Nakisa Nassersharif and Megan Sinton are getting an opportunity to further develop their skills as mathematicians, while helping to advance research in rumor psychology.
Nassersharif, a senior double major in mathematics and Spanish at Syracuse University, and Megan Sinton, a junior math major at Bucknell University, are both participating in the Research Experience for Undergraduates (REU) center in mathematics at RIT. The REU, funded by the National Science Foundation and open to undergraduate scholars from around the country, focuses on promoting research and development in a host of mathematics disciplines, while also providing hands on education experiences to students.
Nassersharif and Sinton are developing algorithms that generate realistic and dynamic artificial social networks. The social networks are structurally similar to real networks such as Facebook and are used by researchers to study how rumors propagate.
The project is based on nearly a decade of research in rumor modeling conducted by Nicholas DiFonzo, professor of psychology from the College of Liberal Arts, and Bernard Brooks, associate professor of mathematics from the School of Mathematical Sciences. The team has investigated how rumors spread, why some are believed and others are not, and how they affect social interaction.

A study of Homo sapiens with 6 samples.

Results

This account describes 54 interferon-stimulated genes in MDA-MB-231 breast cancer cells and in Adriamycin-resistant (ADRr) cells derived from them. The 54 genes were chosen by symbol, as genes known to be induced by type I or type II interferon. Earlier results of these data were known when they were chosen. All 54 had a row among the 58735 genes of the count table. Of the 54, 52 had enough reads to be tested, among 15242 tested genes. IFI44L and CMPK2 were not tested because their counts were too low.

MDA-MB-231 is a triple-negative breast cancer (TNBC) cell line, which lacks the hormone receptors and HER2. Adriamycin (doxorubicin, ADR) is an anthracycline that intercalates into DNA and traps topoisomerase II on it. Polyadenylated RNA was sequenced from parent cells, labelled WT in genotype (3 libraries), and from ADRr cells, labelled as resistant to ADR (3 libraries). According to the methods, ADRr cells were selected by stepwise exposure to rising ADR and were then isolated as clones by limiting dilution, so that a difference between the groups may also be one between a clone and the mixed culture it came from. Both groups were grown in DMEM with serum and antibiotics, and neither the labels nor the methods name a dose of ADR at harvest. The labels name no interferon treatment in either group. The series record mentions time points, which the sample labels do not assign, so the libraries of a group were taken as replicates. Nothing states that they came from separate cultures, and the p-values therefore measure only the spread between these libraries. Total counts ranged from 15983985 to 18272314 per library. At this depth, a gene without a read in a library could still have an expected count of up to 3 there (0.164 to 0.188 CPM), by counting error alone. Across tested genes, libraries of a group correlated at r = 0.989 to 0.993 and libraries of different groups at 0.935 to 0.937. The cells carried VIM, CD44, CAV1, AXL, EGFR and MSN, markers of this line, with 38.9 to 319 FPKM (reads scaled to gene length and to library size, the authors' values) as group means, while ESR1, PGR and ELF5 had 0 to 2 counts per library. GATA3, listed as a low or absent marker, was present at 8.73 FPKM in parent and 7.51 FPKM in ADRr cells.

"Social networks are everywhere," Nassersharif says. "Common examples are kinship, romantic relationships, relationships in the workplace, as well as more obvious networks such as Twitter and Facebook."
"We can use graph theory to mathematically represent these real world relationships that make up social networks," Sinton adds. "The network as a whole can be represented as a graph where the people are the nodes and their relationships and social connections are the edges between nodes."
In addition to creating the algorithms, Nassersharif and Sinton are crafting the code that will run these algorithms on RIT's Research Computing Cluster so that very large artificial social networks can be constructed.
"Formulating these algorithms requires quite a bit of creativity as well as mathematical competency," says Brooks, who is supervising Nassersharif and Sinton. "By understanding how to build artificial social networks, we hope to be able to understand how real social networks form, why friendships materialize and why they wane."